BSA is a single polypeptide chain consisting of about 583 amino acid residues and no carbohydrates. At pH 5-7 it contains 17 intrachain disulfide bridges and 1 sulfhydryl group.
Bovine serum albumin (BSA) is a 66 kDa protein consisting of three domains with two subdomains under each. It is a α-helical, globular and non-glycosylated protein. Albumin is the most abundant plasma protein in humans.
Bovine serum albumin has been used:
- to prevent sticking of the chromosome to the glass micropipette for elasticity measurements using aspiration
- to block lung homogenates in the plate for mucin protein enzyme-linked immunosorbent assay
- in alginate solution as a protein model for drug release kinetics investigation
Bovine serum albumin is broadly used as an additive to cell culture media, especially serum-free media. It provides a range of benefits including protection from oxidative damage and stabilization of other media components such as fatty acids and pyridoxal.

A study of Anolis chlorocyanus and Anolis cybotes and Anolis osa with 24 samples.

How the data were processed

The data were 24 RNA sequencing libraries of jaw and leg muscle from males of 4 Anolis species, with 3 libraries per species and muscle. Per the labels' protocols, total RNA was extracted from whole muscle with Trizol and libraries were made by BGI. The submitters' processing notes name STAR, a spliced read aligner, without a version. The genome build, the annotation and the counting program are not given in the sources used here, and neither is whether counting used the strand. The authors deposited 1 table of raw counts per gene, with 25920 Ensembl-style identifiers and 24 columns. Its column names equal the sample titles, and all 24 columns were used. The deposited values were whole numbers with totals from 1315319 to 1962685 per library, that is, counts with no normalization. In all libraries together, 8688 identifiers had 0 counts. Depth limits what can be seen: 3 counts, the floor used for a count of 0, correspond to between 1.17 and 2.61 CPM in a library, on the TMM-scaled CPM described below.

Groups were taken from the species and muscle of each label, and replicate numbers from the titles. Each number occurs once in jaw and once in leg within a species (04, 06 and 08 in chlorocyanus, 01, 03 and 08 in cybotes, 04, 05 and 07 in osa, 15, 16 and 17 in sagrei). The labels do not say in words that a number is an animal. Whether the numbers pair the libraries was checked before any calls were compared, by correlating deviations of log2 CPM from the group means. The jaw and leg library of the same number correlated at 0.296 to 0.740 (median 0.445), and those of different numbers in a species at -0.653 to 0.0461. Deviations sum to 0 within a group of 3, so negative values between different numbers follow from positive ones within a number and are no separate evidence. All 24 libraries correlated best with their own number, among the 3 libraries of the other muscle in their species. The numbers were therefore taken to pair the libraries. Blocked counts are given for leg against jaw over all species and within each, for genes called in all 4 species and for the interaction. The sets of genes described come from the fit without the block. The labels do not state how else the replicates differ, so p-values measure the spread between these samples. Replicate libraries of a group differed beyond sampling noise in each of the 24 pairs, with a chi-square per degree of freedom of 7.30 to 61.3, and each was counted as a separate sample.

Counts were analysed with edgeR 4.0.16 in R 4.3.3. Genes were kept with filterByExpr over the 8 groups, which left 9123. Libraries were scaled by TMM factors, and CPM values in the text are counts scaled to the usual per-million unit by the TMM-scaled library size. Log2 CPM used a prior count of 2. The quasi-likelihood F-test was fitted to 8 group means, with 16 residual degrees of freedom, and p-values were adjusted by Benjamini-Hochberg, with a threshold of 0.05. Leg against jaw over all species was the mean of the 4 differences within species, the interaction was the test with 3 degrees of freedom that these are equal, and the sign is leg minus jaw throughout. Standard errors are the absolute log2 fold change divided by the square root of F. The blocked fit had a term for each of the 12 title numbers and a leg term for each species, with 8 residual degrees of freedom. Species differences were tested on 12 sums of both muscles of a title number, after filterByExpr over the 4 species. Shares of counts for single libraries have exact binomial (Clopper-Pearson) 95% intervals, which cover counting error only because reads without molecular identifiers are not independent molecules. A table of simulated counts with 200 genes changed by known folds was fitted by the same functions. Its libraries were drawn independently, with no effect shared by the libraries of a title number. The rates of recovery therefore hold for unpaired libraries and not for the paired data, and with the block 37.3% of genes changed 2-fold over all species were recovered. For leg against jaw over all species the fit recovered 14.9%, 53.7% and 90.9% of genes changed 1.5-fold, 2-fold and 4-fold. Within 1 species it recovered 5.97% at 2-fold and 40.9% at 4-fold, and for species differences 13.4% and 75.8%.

Certain conformational and primary-sequence epitopes of BSA are suspected allergens in human beef and milk allergies.
Bovine Serum Albumin (BSA) is a transporter for drugs, hormones and fatty acids. Albumin turnover is seen in infants with iron deficiency anemia. BSA acts as a vital constituent in the cell culture media and favors human embryonic stem cells (hESC) differentiation.
Purified by a combination of heat shock and ethanol fractionation
Serum albumin may be referred to as Fraction V. This naming convention is taken from the original Cohn method of fractionating serum proteins using cold ethanol precipitation. Serum albumin was found in the fifth ethanol fraction using Cohn′s method. Since then, the term "Fraction V" has been used by some to describe serum albumin regardless of the method of preparation. Others have used this term to describe serum albumin purified by ethanol fractionation methods that have been highly modified since the original Cohn method was described. Sigma-Aldrich manufactures and distributes serum albumins purified from a variety of primary methods including the true Cohn fractionation method, modified ethanol fractionation methods, heat shock and chromatography. Additional purification steps may include crystallization or charcoal filtration.